At the moment, my three year old is enjoying Roger Hargreaves’ Mister Men stories at bedtime. They’re bright, to-the-point moral stories about folk who take their everyday traits – clumsiness, noisyness, grumpiness – to extremes, until they get sorted out by their neighbours. One of our favourites is Little Miss Helpful, a lively character who always wants to help, but ends up making things worse:
Versions of Little Miss Helpful pop up from time to time in our role-play during crisis simulation exercises, as it can be a tricky character to manage: how well can an organisation politely but firmly direct a well-meaning customer or member of staff who is at risk of derailing the communications response in a crisis? Be too firm and you risk appearing rude, but leave them chattering away in social media and they’ll spread confusion and or waste the effort of responders. It’s a serious problem at organisational level too: well-meaning but poorly-coordinated charities have been hampering the crisis response this week in Vanuatu, following the disastrous cyclone.
When Little Miss (or at least as often, Mister) Helpful are within the organisation, it’s not necessarily easier to bring them into line. In recent months, we’ve role-played a range of staff characters merrily stepping into heated Twitter conversations to defend the brand, or doing ad-hoc Q&A with customers.
Many organisations are rightly investing effort in putting more of their employees in the front-line of their communications, since there’s evidence that doing so builds credibility. Some equip them with Twitter accounts or Facebook profiles so they can engage their own audiences, while others simply provide general encouragement to use social media for professional purposes under the guidance of a corporate social media policy. But when a crisis strikes, it’s a double-edged sword to have quite so many touchpoints for the organisation in social media – co-ordinating what your people are saying is vital.
So how can your in-house Little Miss Helpful be, well, helpful?
- Your social media policy is just the starting point: most teams we’ve worked with try to remind chatty staff about their obligations under the organisation’s social media policy. You need to be doing this consistently in peacetime as well as under pressure, and be able to point people to a clear set of house rules that doesn’t scare them off useful engagement online, but makes them aware of how their comments can be misinterpreted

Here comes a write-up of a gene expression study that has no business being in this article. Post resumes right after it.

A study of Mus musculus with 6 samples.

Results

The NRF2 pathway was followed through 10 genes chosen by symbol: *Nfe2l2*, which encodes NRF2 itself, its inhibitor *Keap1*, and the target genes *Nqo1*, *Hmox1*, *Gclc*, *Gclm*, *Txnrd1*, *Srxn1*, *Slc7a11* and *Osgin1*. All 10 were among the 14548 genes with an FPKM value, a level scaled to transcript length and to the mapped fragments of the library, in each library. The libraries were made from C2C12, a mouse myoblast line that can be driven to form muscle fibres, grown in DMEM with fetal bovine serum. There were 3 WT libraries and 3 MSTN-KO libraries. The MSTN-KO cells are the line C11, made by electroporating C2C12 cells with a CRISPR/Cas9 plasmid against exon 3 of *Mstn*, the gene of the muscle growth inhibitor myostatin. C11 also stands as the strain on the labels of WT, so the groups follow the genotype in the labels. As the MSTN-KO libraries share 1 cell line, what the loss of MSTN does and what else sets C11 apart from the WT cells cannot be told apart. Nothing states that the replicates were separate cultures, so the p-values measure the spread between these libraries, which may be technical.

- Human Resources has a new role in crisis comms: if you have a staff member dangerously off-message online in a crisis situation, HR needs to step in but much more quickly than they’re used to. Practice your ability to mobilise colleagues in HR under pressure to cascade messages to staff, deal with individual cases and address staff safety or welfare issues. Who’s on your speed dial at 03:00?
- Think internal as well as external: lots of teams focus almost exclusively on dealing with media enquiries in the first stages of an incident, and even the smarter ones tend to simply recycle the external statement as an all-staff email. Internal communications is going through a revolution and your crisis plan needs to recognise that your messaging and monitoring (which of your staff is chatting about work in social media, anyway?) needs an internal dimension, alongside the external one, or staff will assume they’re being kept in the dark
- Give your ambassadors something to say: likewise, a bland corporate statement gives your staff little to work with when talking to stakeholders, friends or colleagues. As more individuals adopt social media as a key professional tool, you’ll find them wanting something to say that goes beyond platitudes (after all, their Twitter followers expect more humanity and insight from them). Brief them with sensible advice to give, how to manage expectations and signpost people to sources of help, and get them to spread the word for you.
In the story, poor Little Miss Helpful ends up stuck with a saucepan on her foot and her unlucky friend goes flying into a pond. With the right encouragement and direction, your helpful characters can be genuinely useful, and stay dry.